If you're trying to come up with the best game plan for proving the existence of extraterrestrials, you've got plenty of options.
Naturally, you want a strategy with a high chance of success, simply in the interests of time, money and a shot at the Nobel Prize, NBC News reported.
For nearly 70 years the scheme favored by most scientists has been to look for signals — radio transmissions. That's the classic approach of the Search for Extra-Terrestrial Intelligence (SETI), and frankly, it makes sense. Radio can easily traverse light-years, and the technology for detecting it is well known and highly sensitive.
But is looking for signals really the best plan? Is it possible that we're making the wrong bet?
There's an attractive alternative: Searching for physical artifacts — alien structures. We're not talking about crop circles or other odd phenomena here on Earth. We're talking about massive engineering works that an advanced society has constructed somewhere in space.
Why search for artifacts? Because it eliminates the requirement that the aliens have chosen to get in touch — to transmit radio signals our way. Sure, maybe they'd want to do that, but then again maybe they'd rather lay low. If you're not sure you're the Milky Way's top-dog society, you don't want to bet the farm by assuming that the alpha aliens, wherever they might be, have good intentions. Silence could have survival value.
There's another point: Picking up an alien civilization's transmissions requires that the signal reach your telescope at the very moment that you're pointing it in their direction. This is SETI's well-known "synchronicity" problem, and it's been likened to firing a bullet and expecting that it will intercept, head-on, another bullet shot by someone else. Improbable.
In nearly every radio SETI experiment, the amount of time spent listening at any given frequency is but a few minutes. The universe has been around for nearly ten thousand trillion minutes, so SETI efforts are a bit like stepping into the backyard hoping you're just in time to catch a raccoon stealing the cat food.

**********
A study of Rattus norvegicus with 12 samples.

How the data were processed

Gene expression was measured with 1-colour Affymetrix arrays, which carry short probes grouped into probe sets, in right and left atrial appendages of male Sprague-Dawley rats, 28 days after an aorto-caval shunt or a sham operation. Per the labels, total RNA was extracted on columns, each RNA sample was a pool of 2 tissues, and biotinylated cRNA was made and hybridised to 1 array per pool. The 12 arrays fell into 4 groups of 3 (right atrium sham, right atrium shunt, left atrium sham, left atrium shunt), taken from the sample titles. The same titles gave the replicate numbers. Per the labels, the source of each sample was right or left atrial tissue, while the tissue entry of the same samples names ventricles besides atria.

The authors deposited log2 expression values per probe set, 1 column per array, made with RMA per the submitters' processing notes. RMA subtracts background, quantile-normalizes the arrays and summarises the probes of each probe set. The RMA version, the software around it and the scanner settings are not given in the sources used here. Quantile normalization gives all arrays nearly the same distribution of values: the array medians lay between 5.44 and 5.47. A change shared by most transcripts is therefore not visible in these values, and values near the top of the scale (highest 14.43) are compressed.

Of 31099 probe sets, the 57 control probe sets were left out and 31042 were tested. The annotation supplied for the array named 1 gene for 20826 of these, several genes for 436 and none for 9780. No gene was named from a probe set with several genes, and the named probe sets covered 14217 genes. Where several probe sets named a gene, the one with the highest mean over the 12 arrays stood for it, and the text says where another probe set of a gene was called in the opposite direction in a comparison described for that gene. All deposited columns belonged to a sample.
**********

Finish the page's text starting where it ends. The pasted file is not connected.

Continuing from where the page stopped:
Of course, you can believe the aliens have some good reason to spend lots of time transmitting to Earth, but if they're even a short distance away (astronomically speaking), they won't know we're here — there hasn't been enough time for our radar and television signals to reach them yet, even at the speed of light.
In contrast, artifacts may be lurking in space just waiting our discovery, all night, every night. China's Great Wall and the Egyptian pyramids are earthly constructions that have existed for centuries. Finding them doesn't demand much synchronicity.
Have we found any alien megastructures? In 2015, astronomer Tabetha Boyajian and her colleagues reported on a star 1,400 light-years away that occasionally dimmed. Actually, it dimmed a lot, and this wasn't normal stellar behavior.
One explanation was that the star was surrounded by a Dyson sphere. The idea, proposed years ago by physicist Freeman Dyson, is that really advanced aliens would construct a gargantuan, spherical swarm of solar panels in orbit beyond their own planet — sort of the way you might cup your hands around a candle to collect the heat. The swarm would gather enough starlight to energize the aliens' souped-up lifestyles, and could sometimes get in the way of light from the star, causing it to intermittently dim as seen from afar.
That explanation for Tabby's star seems less likely today. Astronomical measurements show that it gets redder when it dims, suggesting that it's surrounded by naturally produced dust, not a gargantuan group of light collectors.
But it's reasonable to believe that Dyson spheres exist somewhere. In the past, astronomers looked for clues to such massive engineering projects by trawling star catalogs for systems that show an excess of infrared light — produced by the warm backside of the panels. Another approach is to comb through data from the European Space Agency's Gaia space telescope to find stars whose light is fainter than expected, simply because their shine is partially, and constantly, blocked by a bunch of panels.
Recently, University of Chicago physicist Daniel Hooper offered a new idea for searching for high-tech alien artifacts. He notes that the universe is expanding, and galaxies are growing ever farther apart. So forward-thinking alien societies might want to grab stars from nearby galaxies while they can and park them in their cosmic neighborhoods as a hedge against future energy scarcity. This is akin to storing gasoline if you're worried about a developing shortage. If collections of corralled stars do exist, they'd be easy to spot in the course of mainstream astronomy research.
Looking for extraterrestrial signals has a venerable history and no doubt a promising future. But a search for structures accumulated during the many billions of years of cosmic time might give someone a leg up on that Nobel.
Yes, efforts to find Dyson spheres have come up empty. And we haven't found any stellar stockpiles either. But tomorrow could be different.
*Seth Shostak is currently senior astronomer for the not-for-profit research organization SETI Institute, whose mission is to explore, understand, and explain the origin and nature of life in the universe.